Throwing yourself all in

Throwing yourself all in

When I decided to go zip lining for the first time I had no idea the lasting impact this experience would have.

A couple of years ago my husband, bonus daughter, and I decided to go zip lining in the hilly Pembina Valley in Manitoba (yes, it’s true, there are hills in Manitoba!). It was a glorious fall day and the hills made the views particularly spectacular. Not surprisingly, I found myself both excited and nervous. The nervousness came from the unfamiliarity of the situation, a bit of doubt whether these cables could actually support me, and (I’m not gonna lie) a bit of self-doubt (will I be able to do this “right”?).

We opted to complete the 5-cable tour, and on the first cable my attention was focused on the equipment and mentally rehearsing the proper landing on the platform, which seemed to be coming at me with incredible speed. On the second cable, I was definitely more relaxed and the sensations in my stomach were much more about excitement than nervousness. My focus shifted from evaluating the safety of the equipment and mentally rehearsing my landing to trying to control the direction I was facing as I zipped down the line. I persisted with that focus for the third line but, despite my best efforts, I just couldn’t seem to master this.

I realized I had only two cables left and I had a couple of choices. I could keep trying to control the situation and focus my attention on that part of the experience or I could just let go of that need and enjoy the ride. I opted for the latter and decided to just “throw myself all in” to the experience.

So, on the final two cables, I stopped holding on and trusted my harness to keep me safe. I opened my arms wide and allowed myself to just experience the beautiful views and the sense of freedom that came with just letting go. It was an incredible feeling! As amazing as that was, the days that followed were truly eye opening to me.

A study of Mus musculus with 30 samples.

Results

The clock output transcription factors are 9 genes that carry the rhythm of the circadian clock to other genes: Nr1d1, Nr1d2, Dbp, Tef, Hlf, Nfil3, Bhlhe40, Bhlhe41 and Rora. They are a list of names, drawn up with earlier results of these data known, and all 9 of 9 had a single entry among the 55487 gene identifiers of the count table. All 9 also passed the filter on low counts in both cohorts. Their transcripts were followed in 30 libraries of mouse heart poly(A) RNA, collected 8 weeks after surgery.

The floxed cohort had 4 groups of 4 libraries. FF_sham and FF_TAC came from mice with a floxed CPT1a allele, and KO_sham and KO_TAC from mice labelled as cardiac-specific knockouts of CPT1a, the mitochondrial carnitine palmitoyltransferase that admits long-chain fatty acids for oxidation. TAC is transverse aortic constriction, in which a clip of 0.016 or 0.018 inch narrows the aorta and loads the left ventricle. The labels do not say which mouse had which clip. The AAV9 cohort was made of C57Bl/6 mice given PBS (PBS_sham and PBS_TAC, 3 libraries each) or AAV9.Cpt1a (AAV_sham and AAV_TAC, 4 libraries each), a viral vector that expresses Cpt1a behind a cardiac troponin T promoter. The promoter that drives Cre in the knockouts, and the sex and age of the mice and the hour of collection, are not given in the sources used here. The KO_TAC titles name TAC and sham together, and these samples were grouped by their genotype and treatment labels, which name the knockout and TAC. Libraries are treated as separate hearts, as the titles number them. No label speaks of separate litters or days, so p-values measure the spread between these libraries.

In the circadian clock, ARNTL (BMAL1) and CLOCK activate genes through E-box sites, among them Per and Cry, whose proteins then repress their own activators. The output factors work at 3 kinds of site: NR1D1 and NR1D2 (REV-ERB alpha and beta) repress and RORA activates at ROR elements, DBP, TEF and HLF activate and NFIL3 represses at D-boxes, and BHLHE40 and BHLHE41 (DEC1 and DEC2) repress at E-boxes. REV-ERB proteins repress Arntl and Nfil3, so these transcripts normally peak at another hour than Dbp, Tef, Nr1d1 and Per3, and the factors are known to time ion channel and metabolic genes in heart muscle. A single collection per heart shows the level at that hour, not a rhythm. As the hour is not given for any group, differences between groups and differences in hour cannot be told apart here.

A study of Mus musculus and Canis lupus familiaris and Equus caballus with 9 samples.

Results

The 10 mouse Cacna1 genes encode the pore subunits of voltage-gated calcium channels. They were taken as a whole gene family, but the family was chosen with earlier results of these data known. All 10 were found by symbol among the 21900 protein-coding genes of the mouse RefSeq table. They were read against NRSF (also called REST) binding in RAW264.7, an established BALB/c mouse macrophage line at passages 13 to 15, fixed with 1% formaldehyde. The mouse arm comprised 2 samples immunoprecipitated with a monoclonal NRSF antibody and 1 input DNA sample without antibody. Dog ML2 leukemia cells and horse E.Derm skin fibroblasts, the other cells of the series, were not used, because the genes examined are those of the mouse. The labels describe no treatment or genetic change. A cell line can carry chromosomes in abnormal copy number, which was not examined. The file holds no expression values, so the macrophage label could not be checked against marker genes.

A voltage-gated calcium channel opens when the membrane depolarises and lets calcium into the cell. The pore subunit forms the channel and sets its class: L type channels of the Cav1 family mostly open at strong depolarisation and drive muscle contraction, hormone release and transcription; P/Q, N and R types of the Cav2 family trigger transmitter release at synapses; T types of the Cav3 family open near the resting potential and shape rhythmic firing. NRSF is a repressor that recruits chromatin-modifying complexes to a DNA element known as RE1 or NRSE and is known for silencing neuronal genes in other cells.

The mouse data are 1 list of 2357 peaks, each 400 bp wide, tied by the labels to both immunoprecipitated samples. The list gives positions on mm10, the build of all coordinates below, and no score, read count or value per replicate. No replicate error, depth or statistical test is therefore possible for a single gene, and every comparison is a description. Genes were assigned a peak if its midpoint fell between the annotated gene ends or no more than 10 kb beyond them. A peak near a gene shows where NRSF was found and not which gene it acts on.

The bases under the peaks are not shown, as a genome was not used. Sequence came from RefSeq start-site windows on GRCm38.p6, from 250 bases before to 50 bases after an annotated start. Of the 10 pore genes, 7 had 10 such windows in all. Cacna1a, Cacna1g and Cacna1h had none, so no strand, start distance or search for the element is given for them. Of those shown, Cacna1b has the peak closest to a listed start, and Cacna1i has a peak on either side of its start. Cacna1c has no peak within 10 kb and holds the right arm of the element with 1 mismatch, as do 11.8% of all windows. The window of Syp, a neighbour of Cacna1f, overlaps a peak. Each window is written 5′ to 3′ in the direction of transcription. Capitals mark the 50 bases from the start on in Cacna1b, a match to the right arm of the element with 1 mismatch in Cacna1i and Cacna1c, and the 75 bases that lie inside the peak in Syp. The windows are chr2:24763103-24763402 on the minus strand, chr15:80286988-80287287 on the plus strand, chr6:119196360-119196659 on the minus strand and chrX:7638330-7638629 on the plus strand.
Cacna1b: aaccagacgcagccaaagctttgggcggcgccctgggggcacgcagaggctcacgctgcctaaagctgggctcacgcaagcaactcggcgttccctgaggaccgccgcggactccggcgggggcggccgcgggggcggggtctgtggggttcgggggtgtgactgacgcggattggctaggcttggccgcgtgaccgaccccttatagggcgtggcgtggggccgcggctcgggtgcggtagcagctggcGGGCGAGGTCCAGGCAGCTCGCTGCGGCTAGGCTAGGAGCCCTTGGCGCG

The impact of that experience seemed to stay with me for days. For some reason I found myself feeling lighter, both mentally and physically. I remember eagerly sharing my experience with friends and colleagues and reflecting on what it was about that experience that was so impactful. For me personally I think it was a few things. Making the conscious decision to trust my safety to the equipment and instructors and letting go of the need to control the situation was incredibly freeing and it enabled me (in the words of Marsha Linehan) "to become one with the experience and completely forget about myself" (Linehan, 1993, page 111).

I think the other piece for me, was having my arms wide open as I flew down the cable. For those of you familiar with Linehan’s work, you’ll likely remember the DBT skills that involve gestures or small shifts to how you carry your body (e.g., half-smile, willing hands, etc.) and the positive impact these can have on our emotions. Since my zip line experience, I’ve been experimenting a bit and have noticed that, for me personally, I feel lighter when I intentionally open my arms up wide. It takes only seconds to do and, at least for me, takes away some of the heaviness that comes on days when my work and other responsibilities seem to weigh more heavily on me.

Are there experiences in your life that could be made richer just by “throwing yourself all in” and/or by trusting the process or experience rather than trying to control it? Are there some experiments you could try in order to see if shifting your body or making certain gestures can also take away a bit of the heaviness on those more challenging days?